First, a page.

UN War Crimes Commission records open to public in US
United Nations: The records of the United Nations War Crimes Commission were open to the public in Washington DC in the US Monday, a UN spokesman announced here Monday.
"For the first time in 70 years, the records of the commission are now open to the public at the United States Holocaust Memorial Museum in Washington DC," Xinhua quoted Farhan Haq, deputy UN spokesman, as saying at a daily news briefing here.
A panel discussion, named "United Nations War Crimes Commission Records (1943-1948): Past, Present and Future", will be held Tuesday at the UN headquarters in New York, which aims to examine the historical significance of the records and their future potential use, Haq said.
The commission was operational between 1943 and 1948 and played a vital role in preparing the ground for the war crimes trials that followed the Second World War.
The archives contain some evidences submitted by 17 member states for evaluation of the war criminals and the records of trials carried out in various member nations and presented to the UN commission, including national military tribunals and the Military Tribunal of the Far East, the Tokyo trials of Japan's war criminals involved in the Japanese invasion of China.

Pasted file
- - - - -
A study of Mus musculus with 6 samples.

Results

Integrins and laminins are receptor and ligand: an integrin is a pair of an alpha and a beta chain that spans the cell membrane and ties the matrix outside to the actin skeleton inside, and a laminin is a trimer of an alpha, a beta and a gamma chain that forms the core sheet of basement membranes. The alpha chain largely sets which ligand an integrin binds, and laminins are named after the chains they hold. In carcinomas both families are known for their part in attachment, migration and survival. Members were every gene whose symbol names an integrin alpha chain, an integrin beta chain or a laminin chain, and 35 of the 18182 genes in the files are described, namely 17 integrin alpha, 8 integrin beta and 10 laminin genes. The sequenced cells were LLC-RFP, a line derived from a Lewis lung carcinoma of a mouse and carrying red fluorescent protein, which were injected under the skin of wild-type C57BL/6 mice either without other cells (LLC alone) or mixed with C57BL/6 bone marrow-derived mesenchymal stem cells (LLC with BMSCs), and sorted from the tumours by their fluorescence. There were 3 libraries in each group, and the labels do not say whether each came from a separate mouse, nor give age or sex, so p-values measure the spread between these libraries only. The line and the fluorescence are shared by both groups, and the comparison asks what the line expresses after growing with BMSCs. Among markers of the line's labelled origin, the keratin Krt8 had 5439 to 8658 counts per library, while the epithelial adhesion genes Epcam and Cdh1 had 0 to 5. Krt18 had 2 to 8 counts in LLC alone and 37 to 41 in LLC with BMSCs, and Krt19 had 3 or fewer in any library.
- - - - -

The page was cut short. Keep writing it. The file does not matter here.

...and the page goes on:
Although information in the documents has long been known to investigators and historians, the public were kept out.
The vast collection includes about 500,000 digitised microfilm images with more than 10,000 case files in multiple languages from Europe and Asia on people identified as war criminals, according to reports.
There are also meeting minutes, trial transcripts and 37,000 names listed in a central registry of war criminals and suspects. Some files have lists of personnel at concentration camps, including Auschwitz and Ravensbruck.